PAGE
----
Why you don’t need a co-founder to start your own business
50% of small businesses fail by the fifth year. 23% of the time, it’s simply because they didn’t elect the right team.
And, historically, co-founder disputes are a leading cause in the burning down of startups in early stages.
It’s devastating to think that a failed company could have had a chance if they had only invested in the right team. Just think of how many game-changing products we’ve probably lost out on because of personal disagreements.
Co-founders can be great, but many entrepreneurs waste their time searching for a perfect match, just because investors often favor teams over solopreneurs.
Contrary to the popular model of finding a co-founder to bear the brunt of your founding duties and responsibilities, I’m going to argue the opposite.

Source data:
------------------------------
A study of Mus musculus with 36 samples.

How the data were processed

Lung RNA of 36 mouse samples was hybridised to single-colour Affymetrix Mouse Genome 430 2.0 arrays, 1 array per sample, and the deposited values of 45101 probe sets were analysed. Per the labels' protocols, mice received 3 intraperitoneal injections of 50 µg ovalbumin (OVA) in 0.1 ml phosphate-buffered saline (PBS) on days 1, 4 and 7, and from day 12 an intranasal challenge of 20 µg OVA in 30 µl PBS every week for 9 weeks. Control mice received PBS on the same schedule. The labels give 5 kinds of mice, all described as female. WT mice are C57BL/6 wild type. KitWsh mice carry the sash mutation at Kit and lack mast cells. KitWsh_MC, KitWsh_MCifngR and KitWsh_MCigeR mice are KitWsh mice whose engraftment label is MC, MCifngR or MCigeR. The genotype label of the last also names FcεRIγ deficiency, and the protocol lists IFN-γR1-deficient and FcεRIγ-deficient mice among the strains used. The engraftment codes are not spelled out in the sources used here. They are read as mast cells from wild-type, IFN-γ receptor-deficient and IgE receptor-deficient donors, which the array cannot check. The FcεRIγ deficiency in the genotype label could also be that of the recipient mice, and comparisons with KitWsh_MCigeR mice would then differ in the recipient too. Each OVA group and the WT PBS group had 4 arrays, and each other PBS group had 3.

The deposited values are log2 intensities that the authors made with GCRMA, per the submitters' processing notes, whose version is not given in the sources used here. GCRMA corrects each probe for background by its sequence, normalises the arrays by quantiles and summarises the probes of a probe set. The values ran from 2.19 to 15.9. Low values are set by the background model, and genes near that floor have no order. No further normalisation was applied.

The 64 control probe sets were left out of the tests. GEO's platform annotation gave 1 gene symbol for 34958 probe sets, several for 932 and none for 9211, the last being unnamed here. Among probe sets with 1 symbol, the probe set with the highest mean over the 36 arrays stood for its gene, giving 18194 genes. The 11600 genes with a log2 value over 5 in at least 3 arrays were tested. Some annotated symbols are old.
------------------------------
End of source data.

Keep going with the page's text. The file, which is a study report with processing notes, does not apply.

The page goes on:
When I started JotForm, my model was always to take my time and do it on my own terms without necessarily following what the Silicon Valley startup culture is telling us to do.
I didn’t quit my day-job until I knew I was ready to grow my business.
I didn’t follow the “get a co-founder ASAP” model — though I almost did. And I’m glad I stuck it out solo.
Getting a co-founder can be a profitable move. But I want to explain it’s not the only one.
The marriage metaphor
Marriage is a beautiful idea. Think support, honesty, and trust.
But marriage is also idealized, and there are a lot of factors that go into a successful one. Think communication, conflict-resolution, and again trust. Relationships are complicated and that’s never going to change.